The Virginia Tech College of Science begins its 2018-19 J. Mark Sowers Distinguished Lecture Series Oct. 30 with mathematician Steven H. Strogatz of Cornell University, co-sponsored by the Department of Mathematics.

The Jacob Gould Schurman Professor of Applied Mathematics at Cornell, Strogatz is an applied mathematician and Stephen H. Weiss Presidential Fellow who researches nonlinear dynamics and complex systems, often focusing on topics inspired by the curiosities of everyday life.

In describing his talk, The Math and Science of Getting in Sync, which will take place at 7:30 p.m. Oct. 30 at Latham Ballroom at the Inn at Virginia Tech, Strogatz said, “Every night along the tidal rivers of Malaysia, thousands of male fireflies congregate in the mangrove trees and flash on and off in unison.   This display extends for miles along the river and occurs spontaneously.   It does not require any leader or cue from the environment.   Similar feats of synchronization occur throughout the natural world and in our own bodies.”

The lecture will cover the math and science of synchronization, with “amazing videos of synchronous fireflies, coupled metronomes, and London’s wobbly Millennium Bridge.”

Strogatz is passionate about communicating mathematics to a wide audience and has been heard on Science Friday and New York Public radio’s Radolab.   He also has written columns for the New York Times, and is author of the textbook “Nonlinear Dynamics and Chaos” (1994), as well as popular books “Sync” (2003),  “The Calculus of Friendship” (2009), and “The Joy of x” (2012).  The talk is free and open to the public.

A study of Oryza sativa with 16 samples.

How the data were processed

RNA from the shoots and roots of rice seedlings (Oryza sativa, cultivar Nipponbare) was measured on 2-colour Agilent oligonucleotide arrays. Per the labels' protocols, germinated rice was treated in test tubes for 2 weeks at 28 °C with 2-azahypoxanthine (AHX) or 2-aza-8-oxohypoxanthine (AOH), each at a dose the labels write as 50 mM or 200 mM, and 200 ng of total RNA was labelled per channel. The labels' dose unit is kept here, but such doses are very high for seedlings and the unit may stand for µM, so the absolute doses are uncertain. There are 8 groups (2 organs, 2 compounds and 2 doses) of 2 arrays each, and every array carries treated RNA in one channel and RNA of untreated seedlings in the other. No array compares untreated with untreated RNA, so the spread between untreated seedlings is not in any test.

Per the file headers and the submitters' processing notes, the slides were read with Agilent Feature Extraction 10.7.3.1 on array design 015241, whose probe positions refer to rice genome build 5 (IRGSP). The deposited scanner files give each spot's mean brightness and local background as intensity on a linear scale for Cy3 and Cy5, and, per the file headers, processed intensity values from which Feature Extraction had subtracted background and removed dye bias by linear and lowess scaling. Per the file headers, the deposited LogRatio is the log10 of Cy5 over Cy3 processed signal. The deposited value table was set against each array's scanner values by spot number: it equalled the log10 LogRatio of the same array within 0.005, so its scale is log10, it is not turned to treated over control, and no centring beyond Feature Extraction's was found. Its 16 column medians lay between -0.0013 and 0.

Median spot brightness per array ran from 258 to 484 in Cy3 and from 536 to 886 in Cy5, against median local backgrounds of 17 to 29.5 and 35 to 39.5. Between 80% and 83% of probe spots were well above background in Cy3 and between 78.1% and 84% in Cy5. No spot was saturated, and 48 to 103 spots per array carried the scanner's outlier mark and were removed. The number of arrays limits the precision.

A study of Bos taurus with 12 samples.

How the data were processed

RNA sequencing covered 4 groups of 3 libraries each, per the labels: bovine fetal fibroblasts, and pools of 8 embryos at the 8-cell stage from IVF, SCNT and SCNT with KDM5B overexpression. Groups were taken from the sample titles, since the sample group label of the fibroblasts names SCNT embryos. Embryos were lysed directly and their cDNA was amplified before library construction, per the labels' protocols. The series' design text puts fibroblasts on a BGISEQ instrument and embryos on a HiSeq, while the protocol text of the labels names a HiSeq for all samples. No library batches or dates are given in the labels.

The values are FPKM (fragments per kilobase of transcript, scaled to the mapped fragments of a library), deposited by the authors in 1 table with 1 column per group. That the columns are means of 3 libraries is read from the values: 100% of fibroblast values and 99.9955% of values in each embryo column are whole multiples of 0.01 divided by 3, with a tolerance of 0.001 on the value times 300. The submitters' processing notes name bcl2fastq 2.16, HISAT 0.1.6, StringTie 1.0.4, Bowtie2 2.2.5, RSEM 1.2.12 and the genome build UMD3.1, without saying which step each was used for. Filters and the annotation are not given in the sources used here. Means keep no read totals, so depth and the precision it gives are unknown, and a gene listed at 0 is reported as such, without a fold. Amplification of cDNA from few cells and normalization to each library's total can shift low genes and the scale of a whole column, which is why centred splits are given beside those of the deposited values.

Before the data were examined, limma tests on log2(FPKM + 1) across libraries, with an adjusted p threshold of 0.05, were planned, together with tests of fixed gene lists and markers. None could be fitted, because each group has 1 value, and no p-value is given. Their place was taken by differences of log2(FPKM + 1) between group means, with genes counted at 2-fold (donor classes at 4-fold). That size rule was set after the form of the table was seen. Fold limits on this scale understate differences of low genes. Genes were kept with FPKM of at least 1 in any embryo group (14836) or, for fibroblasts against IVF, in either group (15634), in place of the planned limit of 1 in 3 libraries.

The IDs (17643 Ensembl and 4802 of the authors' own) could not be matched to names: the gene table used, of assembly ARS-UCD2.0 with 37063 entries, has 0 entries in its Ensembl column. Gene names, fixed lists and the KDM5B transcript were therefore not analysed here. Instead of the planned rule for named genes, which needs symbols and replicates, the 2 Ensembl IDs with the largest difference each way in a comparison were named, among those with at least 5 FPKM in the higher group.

Strogatz is the first speaker for the Sowers series in teh 2018-19 academic year.  In April 2019, the College of Science will host Patricia K. Kuhl, the Bezos Family Foundation Endowed Chair in Early Childhood Learning and co-director of the Institute for learning and Brain Sciences at the University of Washington in Seattle.

During the 2017-18 academic year, five scientists spoke as part of the inaugural series.

The lecture series is funded by J. Mark Sowers, a Richmond, Virginia-based businessman and longtime supporter of the College of Science.   The series is designed to serve as a forum to exchange innovative ideas in scientific fields.  Sowers previously has said, “I hope that people will be inspired by the lecture series and to bring attention to Virginia Tech and its brilliant researchers for the advancement of fundamental physics.”

A programming committee for the series is composed of faculty from across the College of Science.